The Princeton Tigers had a chance at a title on Saturday, but Cornell played spoiler with an 18-17 Big Red win at Schoellkopf Field.
It was senior day for the Big Red, who sent their fans home happy, though there will be no playoffs in Ithaca. For the Tigers, the loss was just a small bump in the road that will ultimately take them to the Ivy tournament this Friday at Yale, where they will face the #3 Brown Bears in the first semi-final.
Harvard beat Yale earlier Saturday meaning a Princeton win would have tied them for the regular season Ivy title. Even with the number two seed locked up, the Tigers badly wanted that title.
“We were excited for the chance to play at possibility of sharing the regular season Ivy title and to end the season off on a high note before the post-season started,” Tigers midfielder Zach Currier said. “It’s never fun to lose but we’ll learn and grow from it moving forward.”
Jake McCullough (6G/3A) broke open a 17-17 tie with 2:24 to play in the game, fighting off a defender to beat Tigers goalie Tyler Blaisdell. Austin Sims had the last shot for the Tigers with a second left but Christian Knight made the save for the Big Red.
McCullough opened the scoring less than a minute into the first. He and Michael Sowers (4G/3A) traded the game’s first four goals. Gavin McBride (5G) had a natural hat-trick for the Tigers and Jeff Teat (5G/7A) scored his first two of the game. Colton Rupp also scored for the Big Red for a 5-5 tie after the first.
Sowers and Austin Sims (4G/1A) put the Tigers up 7-5 early in the second. Sims scored through the legs of a defender who was screening his own goalie. Teat and Jordan Dowiak tied the game at seven. Sims put Princeton back on top temporarily but Cornell went on a four goal run to go up 11-8. Riley Thompson (1G/1A) put a stop to the Big Red run with 1:17 left in the half.
Jeff Teat’s assist on McCullough’s goal at 1:50 broke Rob Pannell’s Cornell freshman scoring record of 67 points. It was also an Ivy record until last week when Michael Sowers, who now has 77 points, broke it first.
Cornell outscored Princeton 6-4 in the second quarter to lead 11-9 as the Tiger man-up unit looked tentative on their two 30 second chances and failed to take any shots.
Currier said nothing was different against Cornell. The Tigers power play operates around 50% so the lack of aggressiveness wasn’t normal.
“I’m not sure what that’s about, but it would have been nice to capitalize on a few more of those chances,” Currier said. It could have made the difference in such a close game.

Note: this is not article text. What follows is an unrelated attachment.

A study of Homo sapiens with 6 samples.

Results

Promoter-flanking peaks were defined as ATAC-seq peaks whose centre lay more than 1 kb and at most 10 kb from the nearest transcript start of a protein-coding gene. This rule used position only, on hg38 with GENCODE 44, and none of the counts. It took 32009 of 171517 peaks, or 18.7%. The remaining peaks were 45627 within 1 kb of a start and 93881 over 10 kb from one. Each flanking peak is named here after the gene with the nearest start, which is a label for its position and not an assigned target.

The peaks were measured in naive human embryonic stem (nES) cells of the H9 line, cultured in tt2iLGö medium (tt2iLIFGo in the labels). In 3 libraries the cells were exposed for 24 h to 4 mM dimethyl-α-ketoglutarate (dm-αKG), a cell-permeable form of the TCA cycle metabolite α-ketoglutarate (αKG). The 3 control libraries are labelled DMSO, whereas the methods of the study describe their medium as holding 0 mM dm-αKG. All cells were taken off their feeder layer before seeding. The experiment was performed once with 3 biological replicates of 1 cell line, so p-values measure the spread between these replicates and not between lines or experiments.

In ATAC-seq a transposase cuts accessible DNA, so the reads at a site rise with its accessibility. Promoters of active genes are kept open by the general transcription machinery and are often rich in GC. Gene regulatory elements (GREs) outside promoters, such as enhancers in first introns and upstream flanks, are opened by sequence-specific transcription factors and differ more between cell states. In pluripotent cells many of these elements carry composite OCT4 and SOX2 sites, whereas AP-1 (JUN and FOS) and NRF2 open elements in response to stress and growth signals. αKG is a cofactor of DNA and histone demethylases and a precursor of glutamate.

The third was about momentum as Cornell went up 15-9 on four straight goals. Princeton then scored five of their own to answer. Currier’s goal started the comeback as he scored while facing the wrong way and throwing a backhand past Knight. Princeton trailed 15-13 after three.
Sowers closed the gap to 15-14 just under two minutes into the fourth. Tigers senior attackman Sean Connors scored his fourth of the year and McBride also had a pair in the frame that saw the game tied at 16 and then 17.
McCullough, however, not only scored the winning goal, he had a hat-trick in the quarter which was enough to secure the Big Red victory.
The Tigers finish the regular season with a 9-5 record overall and a 4-2 Ivy record. Sowers finishes as their leading scorer with 77 points. McBride finishes second with 66 points and Currier third with 56. Currier also finishes with a .553 face-off percentage and 114 ground balls which leads the Tigers.
The trio is dynamic to watch. Currier does the dirty work on face-offs and by picking up those ground balls to give his team extra possessions. Sowers and McBride then make the magic happen offensively.
“It’s pretty amazing the way those two play off of each other,” Currier said. “They’re so in sync at all times and it’s a fun thing to watch.”
Both Sowers, the freshman phenom, and Currier, the senior sensation, have made the 25 man nomination list for the 2017 Tewaaraton Award. The final five nominees will be announced May 11.
Currier’s happy about the nomination, but it’s the last thing on his mind right now. He and the rest of the Tigers are solely focused on the upcoming Ivy tournament.
“It won’t mean much if our season gets cut shorter than we want it to,” he said. “We’re going to have to work as hard as we can in order to keep playing late into May.”